If Republicans can be proud of the fact that Ted Cruz would "most likely" be able to serve as president, Democrats should trumpet the plethora of talent within their ranks.
Pat and Kendrys took to the street to ask people they met a question: What do you think about Elizabeth Warren running for president?
What draws people to Warren is her unusual combination of guts, brains and heart--her willingness to fight, and fight smart, for what's right. To make a difference in people's lives. That's her superpower.
Democrats have not done well at all in telling their story and explaining their policies in a coherent manner. At the same time Republicans have been doing at least as well in addressing their message to the middle class voters.
Jeb Bush gets early style points for taking on his critics about his support for comprehensive immigration reform, perhaps realizing he has already lost the Rush Limbaugh, Michael Savage, and Mark Levin talk radio primaries anyway.
In recent weeks, there has been substantial media attention paid to the Democrats' weak bench, meaning that other than Hillary Clinton there are few p...
While Hillary Clinton is defending herself, Elizabeth Warren is building a legacy based on economic wisdom and genuine concern for middle class issues. As a result, Warren's words go viral often and her eloquence is appreciated by social media.
One of the tiredest clichés in all of American politics -- and a favorite of D.C. "centrists" -- is that economic populism is all about beating up on the rich and redistributing income instead of pursuing economic growth. But Elizabeth Warren and her fellow progressives are not, either in rhetoric or policy, anti-growth or anti-business or out to "soak" the rich.
Even the President admits there is reason to be skeptical based on past trade agreements. This time let's read the 1,200 pages before we write a blank check based on wishful thinking.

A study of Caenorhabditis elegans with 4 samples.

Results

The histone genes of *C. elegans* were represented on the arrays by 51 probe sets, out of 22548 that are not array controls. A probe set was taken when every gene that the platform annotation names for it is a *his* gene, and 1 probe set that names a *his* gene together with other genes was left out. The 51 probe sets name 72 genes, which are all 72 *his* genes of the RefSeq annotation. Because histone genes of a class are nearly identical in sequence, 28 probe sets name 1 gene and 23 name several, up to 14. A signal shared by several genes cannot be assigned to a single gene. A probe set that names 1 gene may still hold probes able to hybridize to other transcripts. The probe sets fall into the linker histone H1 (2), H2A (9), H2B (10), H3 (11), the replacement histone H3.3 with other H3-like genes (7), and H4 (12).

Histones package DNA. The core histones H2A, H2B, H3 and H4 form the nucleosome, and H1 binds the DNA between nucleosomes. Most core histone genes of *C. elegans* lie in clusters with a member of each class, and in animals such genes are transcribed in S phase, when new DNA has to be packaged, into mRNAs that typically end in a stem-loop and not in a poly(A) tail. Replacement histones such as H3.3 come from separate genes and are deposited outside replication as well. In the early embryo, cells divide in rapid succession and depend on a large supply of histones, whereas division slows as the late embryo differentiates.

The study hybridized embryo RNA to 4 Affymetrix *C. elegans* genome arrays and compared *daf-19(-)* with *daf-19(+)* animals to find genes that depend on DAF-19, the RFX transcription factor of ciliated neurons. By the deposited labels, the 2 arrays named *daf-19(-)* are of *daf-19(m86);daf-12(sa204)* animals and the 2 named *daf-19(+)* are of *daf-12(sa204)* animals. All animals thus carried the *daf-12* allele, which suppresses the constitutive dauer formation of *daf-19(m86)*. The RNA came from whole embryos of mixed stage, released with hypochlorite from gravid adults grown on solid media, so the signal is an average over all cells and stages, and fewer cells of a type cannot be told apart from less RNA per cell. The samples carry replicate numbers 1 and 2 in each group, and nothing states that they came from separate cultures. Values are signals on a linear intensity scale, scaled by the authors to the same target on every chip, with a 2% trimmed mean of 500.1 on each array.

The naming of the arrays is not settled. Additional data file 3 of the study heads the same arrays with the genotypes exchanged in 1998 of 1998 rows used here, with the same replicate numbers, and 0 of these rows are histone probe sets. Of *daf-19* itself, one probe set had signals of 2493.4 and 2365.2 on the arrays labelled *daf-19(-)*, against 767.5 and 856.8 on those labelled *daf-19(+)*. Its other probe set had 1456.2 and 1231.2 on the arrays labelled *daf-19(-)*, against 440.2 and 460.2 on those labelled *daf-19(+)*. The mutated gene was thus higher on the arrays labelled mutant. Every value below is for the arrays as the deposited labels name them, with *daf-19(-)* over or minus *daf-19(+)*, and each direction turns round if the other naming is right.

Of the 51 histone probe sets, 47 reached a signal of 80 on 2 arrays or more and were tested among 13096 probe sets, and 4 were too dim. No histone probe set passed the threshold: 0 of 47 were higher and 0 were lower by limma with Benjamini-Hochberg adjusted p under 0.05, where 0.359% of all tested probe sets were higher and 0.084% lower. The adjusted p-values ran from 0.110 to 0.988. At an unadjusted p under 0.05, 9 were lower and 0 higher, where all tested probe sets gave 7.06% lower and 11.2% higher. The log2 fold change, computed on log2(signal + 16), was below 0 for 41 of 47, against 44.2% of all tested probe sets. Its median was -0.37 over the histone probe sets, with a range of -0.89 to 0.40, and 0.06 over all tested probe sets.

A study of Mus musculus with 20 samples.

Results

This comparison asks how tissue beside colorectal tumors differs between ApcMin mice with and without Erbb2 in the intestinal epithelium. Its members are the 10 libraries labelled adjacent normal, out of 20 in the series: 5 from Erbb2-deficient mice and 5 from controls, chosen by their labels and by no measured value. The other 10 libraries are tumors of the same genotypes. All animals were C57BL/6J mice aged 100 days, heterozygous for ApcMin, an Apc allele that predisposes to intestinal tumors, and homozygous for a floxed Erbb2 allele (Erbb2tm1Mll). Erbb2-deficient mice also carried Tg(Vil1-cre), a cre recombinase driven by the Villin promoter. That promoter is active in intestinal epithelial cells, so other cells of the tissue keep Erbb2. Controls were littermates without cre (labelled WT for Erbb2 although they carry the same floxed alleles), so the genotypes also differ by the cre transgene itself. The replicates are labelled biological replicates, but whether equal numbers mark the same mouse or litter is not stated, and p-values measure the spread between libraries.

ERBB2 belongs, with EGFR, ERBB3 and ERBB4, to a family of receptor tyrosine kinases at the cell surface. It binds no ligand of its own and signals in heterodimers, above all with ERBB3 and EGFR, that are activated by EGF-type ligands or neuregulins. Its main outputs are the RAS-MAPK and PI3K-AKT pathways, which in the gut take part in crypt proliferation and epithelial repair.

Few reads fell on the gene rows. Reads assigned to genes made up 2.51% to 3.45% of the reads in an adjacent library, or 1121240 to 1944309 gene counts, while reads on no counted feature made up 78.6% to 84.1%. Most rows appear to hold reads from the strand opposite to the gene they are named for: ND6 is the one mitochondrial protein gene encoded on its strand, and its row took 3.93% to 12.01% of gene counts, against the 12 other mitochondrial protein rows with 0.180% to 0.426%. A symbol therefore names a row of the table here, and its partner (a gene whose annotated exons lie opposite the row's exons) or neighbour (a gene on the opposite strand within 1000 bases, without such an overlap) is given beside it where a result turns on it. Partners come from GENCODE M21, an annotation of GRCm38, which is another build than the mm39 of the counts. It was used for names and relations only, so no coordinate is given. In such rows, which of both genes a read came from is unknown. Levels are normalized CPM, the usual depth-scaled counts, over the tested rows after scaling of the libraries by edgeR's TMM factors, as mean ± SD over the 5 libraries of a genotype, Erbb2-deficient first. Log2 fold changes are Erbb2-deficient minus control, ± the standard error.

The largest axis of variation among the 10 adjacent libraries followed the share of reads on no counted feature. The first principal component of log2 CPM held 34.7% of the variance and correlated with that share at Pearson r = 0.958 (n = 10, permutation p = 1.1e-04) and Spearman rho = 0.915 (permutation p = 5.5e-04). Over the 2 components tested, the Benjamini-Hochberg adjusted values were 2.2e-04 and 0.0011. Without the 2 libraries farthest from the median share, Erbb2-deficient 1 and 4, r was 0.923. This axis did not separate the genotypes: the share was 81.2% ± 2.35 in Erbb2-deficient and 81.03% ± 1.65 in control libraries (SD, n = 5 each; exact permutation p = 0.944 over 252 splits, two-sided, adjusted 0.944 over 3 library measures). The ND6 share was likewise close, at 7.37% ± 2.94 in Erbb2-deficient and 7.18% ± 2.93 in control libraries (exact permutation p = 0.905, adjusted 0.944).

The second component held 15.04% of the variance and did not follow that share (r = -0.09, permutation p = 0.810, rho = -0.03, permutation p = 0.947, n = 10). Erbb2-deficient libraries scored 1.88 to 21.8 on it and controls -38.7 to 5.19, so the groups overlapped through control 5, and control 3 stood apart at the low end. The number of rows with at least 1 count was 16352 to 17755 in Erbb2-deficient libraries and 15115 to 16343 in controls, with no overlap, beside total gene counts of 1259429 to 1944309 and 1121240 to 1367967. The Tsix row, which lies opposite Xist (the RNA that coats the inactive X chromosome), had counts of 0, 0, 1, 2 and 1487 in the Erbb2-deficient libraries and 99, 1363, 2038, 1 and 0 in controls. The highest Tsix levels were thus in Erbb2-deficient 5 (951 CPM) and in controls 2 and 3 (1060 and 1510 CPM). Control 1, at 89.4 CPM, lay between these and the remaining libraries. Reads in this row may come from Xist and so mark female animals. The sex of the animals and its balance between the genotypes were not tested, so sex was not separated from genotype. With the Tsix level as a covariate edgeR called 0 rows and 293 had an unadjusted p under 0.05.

A fight is coming because past trade deals have cost jobs and wages, devastated entire regions, and accelerated corporate power and income/wealth inequality -- which it is becoming clear was the intent.
The response, which was framed as answers to "important questions" raised by Warren, recycles the litany of platitudes, half-truths and straw-man distractions that comprise the White House talking points on investor-state dispute settlement. But it failed to answer the fundamental question raised by Warren's oped: Who will benefit from the TPP?
The class bias of American politics has not only cost us our democracy. It has also cost us our jobs, our health, and our security. For years, the recovery was crippled by the politics of austerity, as a bipartisan coalition took a butcher's knife to the public sector, and as balanced budgets took precedence over basic needs.
You hear two competing stories about Hillary Clinton and the Democrats in 2016. According to the first, she has a lock on the nomination and the election. Hillary is sure to win the nomination, because there are no other plausible candidates, especially if Elizabeth Warren doesn't get in. And Clinton begins with an overwhelming money advantage. She wins the election because the Electoral College gives Blue states something close to a majority even before the campaign starts. The Republicans would have to run the table of every possible state. But the Republicans are deeply divided, with the candidates who appeal to the base far to the right of the general electorate. And the GOP Congress is rapidly alienating most moderate voters. Game, set, match to Hillary, correct? Well, not so fast.
As the 2016 presidential primary season approaches, two narratives have begun to emerge around Hillary Clinton. One is that she is almost certain to her party's nomination for president.
Muriel Bowser, the mayor of Washington D.C., deserves at least an honorable mention, for standing strong in the face of threats of jail time from House Republicans, for allowing the will of the voters (70 percent of them) to become law this week.
Imagine you were President, or Speaker of the House, and one day you woke up and discovered that you had an extra $5.8 billion dollars to spend. What would you do with the cash? A new aircraft carrier (or half of one, anyway)?